Evolution of Human Resource Management – HRM
Human resource management has emerged as a wide field in today’s scenario. It began in India in 1800 in the form of private schools and charitable trusts. Ancient Indian societies managed all aspects of human life, including the business aspect, on a similar basis.
The evolution of HRM can be described in the following phases:
1) Industrial Revolution:
During the Industrial Revolution phase, mechanization and technological improvement took place at a rapid speed. At that time, jobs were divided and workers had to do only a small part of their job rather than the entire work.
Thus, specialization increased workers’ speed and efficiency but at the same time, jobs became more tedious. The treatment which was given to workers was like that of glorified machine tools.
Employers’ concern was only to fulfil the targets of production not with providing fulfilling the demands of workers. The government is also not active to work for the worker’s welfare.
2) Scientific Management:
F.W. Taylor promoted the theory of scientific management to increase the performance of employees. Scientific management is a methodical analysis and breaking of tasks into many small parts and re-organizing them to get a perfect combination.
Taylor also stated that people’s physical and mental abilities must match the tasks which are to be performed on the job. Therefore, highly proficient people must be removed and supervisors should provide training to the low-performing employees to make them highly proficient. Taylor further emphasized using incentives to motivate employees.
3) Trade Unionism:
Workers became aware of their rights and they collectively started protesting against the exploitation of employers. They also started protesting against unfair labour practices by taking the help of trade unions.
Collective bargaining, dealing with the worker’s grievances regarding the conditions of working, wages and perks, and disciplinary procedures are the ways through which trade unions generally help the workers.
4) Human Relations Movement:
During the 1930s and 1940s, Elton Mayo along with his colleagues from Harvard conducted Hawthorne experiments which showed that job design and rewards were not the only factors that influenced the productivity of employees, but there are certain social and psychological factors which can also affect employee productivity. The wide implementation of behavioural science techniques was due to the human relations movement.
It involves using supervisory training techniques, providing assistance to workers, counselling programs, and strategies to make the relations between management and labour stronger. These programs help the workers to share their work-related problems as well as problems related to their personal life with the counselling professionals.
The human relations movement was also affected by the increasing power of trade unions in the period of late 1930s and 1940s. The emergence of unions in this period was because of the Wagner Act. The Act gave workers the legal right of collective bargaining with management on subjects relating to job stability, benefits, salary, and other working conditions.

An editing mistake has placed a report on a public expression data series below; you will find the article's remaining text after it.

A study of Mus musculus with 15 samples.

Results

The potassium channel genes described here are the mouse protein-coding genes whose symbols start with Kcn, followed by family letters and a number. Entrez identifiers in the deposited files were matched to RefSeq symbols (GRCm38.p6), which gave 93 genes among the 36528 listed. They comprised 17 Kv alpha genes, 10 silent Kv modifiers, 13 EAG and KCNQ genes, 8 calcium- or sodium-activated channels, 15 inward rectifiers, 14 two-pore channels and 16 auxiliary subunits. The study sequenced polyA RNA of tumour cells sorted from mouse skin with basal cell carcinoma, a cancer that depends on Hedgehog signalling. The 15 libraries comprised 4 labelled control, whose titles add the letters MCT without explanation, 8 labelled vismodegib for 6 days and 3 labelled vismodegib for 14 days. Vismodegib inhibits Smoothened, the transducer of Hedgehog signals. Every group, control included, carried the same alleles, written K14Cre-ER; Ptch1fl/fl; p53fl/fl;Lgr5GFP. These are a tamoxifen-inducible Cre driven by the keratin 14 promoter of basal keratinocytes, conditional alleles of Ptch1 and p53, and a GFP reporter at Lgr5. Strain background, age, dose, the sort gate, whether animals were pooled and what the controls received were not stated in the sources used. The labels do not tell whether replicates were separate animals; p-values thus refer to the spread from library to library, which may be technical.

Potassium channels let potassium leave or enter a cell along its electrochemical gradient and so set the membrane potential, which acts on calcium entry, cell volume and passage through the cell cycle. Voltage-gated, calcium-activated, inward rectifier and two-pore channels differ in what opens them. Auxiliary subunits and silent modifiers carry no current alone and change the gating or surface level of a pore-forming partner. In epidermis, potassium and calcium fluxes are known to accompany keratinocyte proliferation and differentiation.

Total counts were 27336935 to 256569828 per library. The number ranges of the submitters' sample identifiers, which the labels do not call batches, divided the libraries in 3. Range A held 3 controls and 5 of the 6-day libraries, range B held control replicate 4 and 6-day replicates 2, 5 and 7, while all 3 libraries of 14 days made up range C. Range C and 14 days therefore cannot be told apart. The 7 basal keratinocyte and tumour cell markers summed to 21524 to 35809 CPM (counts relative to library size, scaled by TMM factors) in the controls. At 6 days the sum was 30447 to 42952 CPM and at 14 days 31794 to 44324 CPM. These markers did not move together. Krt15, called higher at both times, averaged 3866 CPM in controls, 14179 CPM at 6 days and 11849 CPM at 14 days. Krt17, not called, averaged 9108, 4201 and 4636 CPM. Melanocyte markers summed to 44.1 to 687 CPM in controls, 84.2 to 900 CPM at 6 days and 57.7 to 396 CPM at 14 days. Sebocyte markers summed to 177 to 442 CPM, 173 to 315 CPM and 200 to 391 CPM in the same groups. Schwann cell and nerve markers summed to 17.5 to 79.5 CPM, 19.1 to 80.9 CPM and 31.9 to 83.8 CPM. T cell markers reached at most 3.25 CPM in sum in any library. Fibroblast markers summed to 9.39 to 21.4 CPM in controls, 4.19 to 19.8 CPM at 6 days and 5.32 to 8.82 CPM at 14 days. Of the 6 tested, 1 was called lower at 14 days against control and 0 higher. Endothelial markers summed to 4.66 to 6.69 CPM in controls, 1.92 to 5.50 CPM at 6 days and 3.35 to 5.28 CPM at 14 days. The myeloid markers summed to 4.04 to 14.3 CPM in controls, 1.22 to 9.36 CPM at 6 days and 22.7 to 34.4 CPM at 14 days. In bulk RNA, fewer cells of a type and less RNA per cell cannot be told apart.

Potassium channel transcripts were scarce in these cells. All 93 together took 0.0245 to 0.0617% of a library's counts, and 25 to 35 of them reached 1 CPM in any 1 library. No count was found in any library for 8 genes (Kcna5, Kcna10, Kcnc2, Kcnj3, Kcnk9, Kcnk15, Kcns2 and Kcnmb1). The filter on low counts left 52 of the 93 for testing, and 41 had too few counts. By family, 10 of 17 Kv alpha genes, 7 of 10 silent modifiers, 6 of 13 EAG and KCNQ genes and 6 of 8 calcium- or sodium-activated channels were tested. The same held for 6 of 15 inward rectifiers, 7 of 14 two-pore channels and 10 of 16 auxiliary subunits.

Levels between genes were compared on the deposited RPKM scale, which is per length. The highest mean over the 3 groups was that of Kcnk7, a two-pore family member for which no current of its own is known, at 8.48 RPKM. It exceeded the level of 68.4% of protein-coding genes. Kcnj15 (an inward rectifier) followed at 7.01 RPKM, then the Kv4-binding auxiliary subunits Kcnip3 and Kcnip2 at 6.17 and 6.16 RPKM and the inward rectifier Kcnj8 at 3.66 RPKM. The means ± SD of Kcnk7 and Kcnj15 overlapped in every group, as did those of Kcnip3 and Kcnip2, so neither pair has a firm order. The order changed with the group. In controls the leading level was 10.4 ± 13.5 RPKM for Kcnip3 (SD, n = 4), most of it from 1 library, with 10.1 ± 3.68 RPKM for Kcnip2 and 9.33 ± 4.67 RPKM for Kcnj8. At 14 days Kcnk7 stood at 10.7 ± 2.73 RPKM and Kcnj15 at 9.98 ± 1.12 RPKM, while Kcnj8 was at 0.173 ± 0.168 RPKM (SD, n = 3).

5) Human Resource Approach:
In the early 60s, the ‘pet milk theory’ of human religionists had been discarded largely. According to ‘the pet milk theory’, “happy workers are productive workers or happy cows give more milk”.
Identifying the fact that every worker is different from the other worker and has different personal needs, the things that motivate one individual may not stimulate the other. Happiness and good feeling may influence the efficiency of some employees to a very small extent. Gradually, the practice of considering employees as assets became prominent.
“The Human Resource Approach assumes that the foremost source of satisfaction and motivation to employees is their job and their responsibility towards the organisation. This approach focuses on the involvement of individuals in the organizational decision making”.
Further, the focus of this approach is on the following things:
i) People do not dislike their work if they are involved in the establishment of objectives that they have to attain.
ii) Many people show more self-direction, self-control, and creativity than are needed in their present jobs (Theory Y).
iii) The primary job of the manager is to exploit the full human potential to serve the organization.
iv) Healthy, safe, comfortable, and convenient work environment should be provided by the managers so that employees can fully utilize their capacities.
v) The manager must encourage employees to self-direct themselves and contribute to all significant matters of the organization.
vi) Increasing subordinates’ influence, self-control and self-direction will lead to improved working performance.
vii) Employees’ job satisfaction may increase if they will be able to make maximum utilization of their work potential.
Behavioural science contributed to management by giving new dimensions instead of giving high-level methods. It has developed a valuable way of thinking about the manager’s role, the nature of organizations, and individual behaviour in the organization.
The applicability of HRM is very wide. HRM encompasses all the areas during the service of an employee starting from the time he enters till he quits.